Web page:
Are you looking forward to a new comic book but it’s impossible for you to wait for its release before you know what we thought about it? That’s why there’s DoomRocket’s Advanced Reviews—now we assess books you can’t even buy yet. This week: ‘Mary Shelley: Monster Hunter’ #1, out April 17 from AfterShock Comics.
THIS ADVANCE REVIEW OF ‘MARY SHELLY: MONSTER HUNTER’ #1 CONTAINS MINOR SPOILERS.
by Clyde Hall. Remember when it became vogue to cast antagonists from familiar tales as protagonists? Readers found Dracula merely trying to save Lucy from the malpractice of doctors happily ordering transfusions all around. Poor Grendel picked on by that berserker bully Beowulf. The unhappy childhood of Elphaba and her insufferably perfect BFF Galinda in Oz.
In the same manner, fictional accounts of historical personages battling supernatural threats became a trend after Abe Lincoln turned from rail splitting to staking vampires. Soon, Shakespeare was having a severe case of undeath and Queen Victoria balanced courtly duties with sending demons back to their infernal pits.
Actual events in the lives of the famous individual sometimes lend themselves to fictional manipulation. Untimely deaths during Lincoln’s life may have been caused by milk sickness or heart failure, but creative authors made vampires seem likely culprits. Such imaginative application of fantasy against established facts make entertaining fusions.
The life of Mary Shelley was filled with loss and drama warranting such a treatment, and now she comes full circle as Mary Shelley: Monster Hunter thanks to AfterShock Comics and co-writers Adam Glass and Olivia Cuartero-Briggs. She’s not only a founding genius of the modern monster genre, now she’s a slayer of fiends.
In modern day, a lost and secreted manuscript penned by Mary is discovered at the last home she resided in during her lifetime. The narrative describes the company young Mary kept in 1815–1816, in part Percy Shelley, Lord Byron, and Claire Claremont. Mary (then Godwin) spent a summer in Geneva, Switzerland with them, and together they began a contest to write the scariest story. In the comic telling, the trip is expanded upon. In real life, Mary’s journal of the time was lost, and so makes a perfect window for embellishment.
Embellishment quickly begets dramatics, as Mary’s band of “hedonistic heathens” are tossed out of their winter lodging by a landlord appalled by their scandalous lifestyle. With November snows making a return to London dicey, they are approached by a servant and offered free room and board at the keep of one Doctor Frankenstein. It’s a foreboding edifice and sets the mood for dreary days relegated indoors. Days in which their host never appears, only the servant. Percy has a terrible premonition that accepting the Doctor’s invitation has opened a doorway to certain death. But as winter rages, the group passes time by instigating the famous story contest that will result in a lasting tale of mortal man reaching into God’s purview for the secrets of life.
However, unfolding events more than fertile imagination begin to shape Mary’s entry. Unnerved by the ongoing absence of their host, and by crashes and moans emanating from the Doctor’s secured section of the manse, the group decides to risk foul winter and vacate the premises. Mary has reservations about chancing survival in the hoarfrost, and instead investigates the Doctor’s den for proof that Percy’s doomcast carries any validity. What she discovers makes for a rip-roaring conclusion to the first installment.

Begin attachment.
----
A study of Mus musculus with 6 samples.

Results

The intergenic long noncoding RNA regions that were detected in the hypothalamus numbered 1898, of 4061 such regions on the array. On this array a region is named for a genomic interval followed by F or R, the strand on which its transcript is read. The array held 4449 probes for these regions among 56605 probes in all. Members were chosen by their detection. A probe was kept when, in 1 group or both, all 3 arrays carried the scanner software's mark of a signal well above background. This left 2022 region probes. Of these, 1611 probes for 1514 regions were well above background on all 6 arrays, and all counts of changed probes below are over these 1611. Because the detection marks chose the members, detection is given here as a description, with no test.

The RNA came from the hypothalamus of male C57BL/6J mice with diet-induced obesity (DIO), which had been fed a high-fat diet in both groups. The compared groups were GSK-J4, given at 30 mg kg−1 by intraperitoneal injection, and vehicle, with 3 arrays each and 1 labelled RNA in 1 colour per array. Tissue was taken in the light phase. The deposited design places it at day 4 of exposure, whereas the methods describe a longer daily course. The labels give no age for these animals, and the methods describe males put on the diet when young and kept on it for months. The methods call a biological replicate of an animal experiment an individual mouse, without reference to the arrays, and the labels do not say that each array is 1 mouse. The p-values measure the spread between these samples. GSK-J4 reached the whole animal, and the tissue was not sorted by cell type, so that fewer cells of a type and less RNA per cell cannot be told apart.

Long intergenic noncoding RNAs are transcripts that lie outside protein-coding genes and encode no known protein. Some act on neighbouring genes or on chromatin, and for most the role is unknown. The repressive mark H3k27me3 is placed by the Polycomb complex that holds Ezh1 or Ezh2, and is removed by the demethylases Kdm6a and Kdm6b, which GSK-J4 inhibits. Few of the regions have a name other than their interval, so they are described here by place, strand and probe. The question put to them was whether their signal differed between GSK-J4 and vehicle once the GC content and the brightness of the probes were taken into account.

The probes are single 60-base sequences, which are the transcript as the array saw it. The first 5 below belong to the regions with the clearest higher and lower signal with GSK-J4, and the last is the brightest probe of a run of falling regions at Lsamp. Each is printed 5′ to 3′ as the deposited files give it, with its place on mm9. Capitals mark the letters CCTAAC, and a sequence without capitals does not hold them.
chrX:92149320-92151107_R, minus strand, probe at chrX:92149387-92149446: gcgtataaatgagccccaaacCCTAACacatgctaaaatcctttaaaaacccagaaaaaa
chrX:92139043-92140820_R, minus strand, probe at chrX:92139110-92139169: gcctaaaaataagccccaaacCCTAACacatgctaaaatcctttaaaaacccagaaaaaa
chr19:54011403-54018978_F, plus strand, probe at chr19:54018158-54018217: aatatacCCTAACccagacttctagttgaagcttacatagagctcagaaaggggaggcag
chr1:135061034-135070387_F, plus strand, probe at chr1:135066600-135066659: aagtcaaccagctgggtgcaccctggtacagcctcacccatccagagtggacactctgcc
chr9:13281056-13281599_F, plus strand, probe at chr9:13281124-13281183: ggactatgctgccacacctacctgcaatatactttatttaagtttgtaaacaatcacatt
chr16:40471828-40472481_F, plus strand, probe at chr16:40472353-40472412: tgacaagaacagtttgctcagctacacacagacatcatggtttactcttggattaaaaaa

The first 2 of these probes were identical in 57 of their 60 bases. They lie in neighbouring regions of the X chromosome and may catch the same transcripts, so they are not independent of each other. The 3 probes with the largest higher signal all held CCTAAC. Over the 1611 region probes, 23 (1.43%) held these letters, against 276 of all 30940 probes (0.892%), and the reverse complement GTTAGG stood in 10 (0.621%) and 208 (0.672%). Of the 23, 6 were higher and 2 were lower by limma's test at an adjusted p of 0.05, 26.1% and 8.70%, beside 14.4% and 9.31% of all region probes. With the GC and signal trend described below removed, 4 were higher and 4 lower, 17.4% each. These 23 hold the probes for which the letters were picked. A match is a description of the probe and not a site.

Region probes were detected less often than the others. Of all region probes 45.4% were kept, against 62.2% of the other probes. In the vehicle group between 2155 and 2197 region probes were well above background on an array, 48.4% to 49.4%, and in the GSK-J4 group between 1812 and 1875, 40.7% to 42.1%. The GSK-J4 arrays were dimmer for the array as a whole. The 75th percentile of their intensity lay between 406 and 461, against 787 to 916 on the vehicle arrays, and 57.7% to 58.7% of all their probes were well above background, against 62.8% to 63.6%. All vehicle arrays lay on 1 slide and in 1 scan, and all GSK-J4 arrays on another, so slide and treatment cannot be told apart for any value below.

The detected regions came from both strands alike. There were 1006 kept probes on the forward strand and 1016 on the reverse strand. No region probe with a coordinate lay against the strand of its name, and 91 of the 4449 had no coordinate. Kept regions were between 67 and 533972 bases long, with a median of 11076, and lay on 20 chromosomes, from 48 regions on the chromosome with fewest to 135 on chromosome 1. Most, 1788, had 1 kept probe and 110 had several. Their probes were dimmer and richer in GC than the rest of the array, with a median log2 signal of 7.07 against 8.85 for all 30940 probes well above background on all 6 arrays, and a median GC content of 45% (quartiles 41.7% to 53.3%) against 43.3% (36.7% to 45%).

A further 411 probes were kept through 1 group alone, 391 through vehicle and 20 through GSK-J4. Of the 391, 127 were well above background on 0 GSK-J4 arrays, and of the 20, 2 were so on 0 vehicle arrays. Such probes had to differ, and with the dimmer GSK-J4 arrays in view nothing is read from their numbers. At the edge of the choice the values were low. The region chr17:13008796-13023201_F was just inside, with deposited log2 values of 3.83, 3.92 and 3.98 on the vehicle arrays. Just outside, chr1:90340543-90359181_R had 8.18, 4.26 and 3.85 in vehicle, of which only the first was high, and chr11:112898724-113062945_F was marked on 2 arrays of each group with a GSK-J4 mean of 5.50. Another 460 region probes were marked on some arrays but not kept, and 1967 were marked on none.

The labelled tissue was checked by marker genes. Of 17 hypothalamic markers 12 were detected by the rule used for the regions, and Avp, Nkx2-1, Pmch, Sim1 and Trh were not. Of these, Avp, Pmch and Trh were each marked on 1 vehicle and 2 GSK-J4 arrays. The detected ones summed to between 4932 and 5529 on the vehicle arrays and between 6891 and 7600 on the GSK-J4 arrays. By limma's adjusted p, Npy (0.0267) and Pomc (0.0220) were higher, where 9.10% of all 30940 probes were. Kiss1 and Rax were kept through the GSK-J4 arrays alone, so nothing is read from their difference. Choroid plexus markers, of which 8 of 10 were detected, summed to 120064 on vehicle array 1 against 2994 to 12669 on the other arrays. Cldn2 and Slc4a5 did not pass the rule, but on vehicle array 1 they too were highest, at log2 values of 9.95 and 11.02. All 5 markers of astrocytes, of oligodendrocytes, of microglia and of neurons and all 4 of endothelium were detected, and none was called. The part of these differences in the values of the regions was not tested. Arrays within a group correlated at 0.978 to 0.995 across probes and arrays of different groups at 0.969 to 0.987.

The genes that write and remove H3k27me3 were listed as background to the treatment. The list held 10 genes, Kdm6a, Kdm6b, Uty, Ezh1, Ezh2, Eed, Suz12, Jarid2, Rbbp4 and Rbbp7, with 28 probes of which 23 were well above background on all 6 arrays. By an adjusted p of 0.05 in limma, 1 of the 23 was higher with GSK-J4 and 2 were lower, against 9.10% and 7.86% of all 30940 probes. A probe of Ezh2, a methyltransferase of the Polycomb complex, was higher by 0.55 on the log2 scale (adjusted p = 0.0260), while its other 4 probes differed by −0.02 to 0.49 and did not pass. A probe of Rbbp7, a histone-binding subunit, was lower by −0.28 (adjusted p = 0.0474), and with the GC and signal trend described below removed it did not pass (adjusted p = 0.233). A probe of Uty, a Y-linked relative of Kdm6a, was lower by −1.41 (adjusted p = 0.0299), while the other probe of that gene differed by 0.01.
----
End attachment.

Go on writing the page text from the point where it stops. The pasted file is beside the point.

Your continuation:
Writers Glass and Cuartero-Briggs begin with a superlative tribute to the first Karloff Frankenstein film, stumble with a discovery moment of convenience, but then rally to 19th century drawing room drama and indiscretions. From there the miasmic shroud darkens and descends to a horrific and surprising final act. Both authors get passing marks for fitting the actual timeline to the story events. Higher marks for fashioning an enjoyable tale that spotlights a brilliant author considered by many the inventor of both modern horror and science fiction literature. Bonus points for mentioning The Castle of Otranto by Horace Walpole, another contender for horror literature’s genesis.
Snowfalls by artist Hayden Sherman bring a vicarious chill. Undertaking a return to London in the winterblind setting he establishes adds weight to the protagonists’ predicament. His angular style applied to architecture, ruffles, and other period trappings skirt the sublime. Already rich visuals overflow with the characters themselves, modern and historic. Sherman has handcrafted a beautiful book to showcase this story.
Sal Cipriano’s lettering is understated and builds slowly in cadence with events. His approach is like carefully unwrapping a lovely package to find another, and another, and another, and finally discovering a dismembered foot in the last parcel.
Mary Shelley’s actual life was an ongoing struggle. To support herself and her son after Percy’s untimely death. To endure the loss of family members and friends. To be recognized for her talent despite the era’s bias against independent women. Even to get permission over the protests of her father-in-law for publishing works of her late husband that secured Percy’s literary legacy. Casting her as a fearless monster hunter is a natural extension of the real Mary. She spent her life fighting monsters of the realistic kind.
AfterShock Comics / $3.99
Written by Adam Glass and Olivia Cuartero-Briggs.
Illustrated by Hayden Sherman.
Letters by Sal Cipriano.
7.5 out of 10
‘Mary Shelly: Monster Hunter’ #1 hits stores April 17.
Check out Bernard Chang’s variant cover to ‘Mary Shelly: Monster Hunter’ #1, courtesy of AfterShock Comics!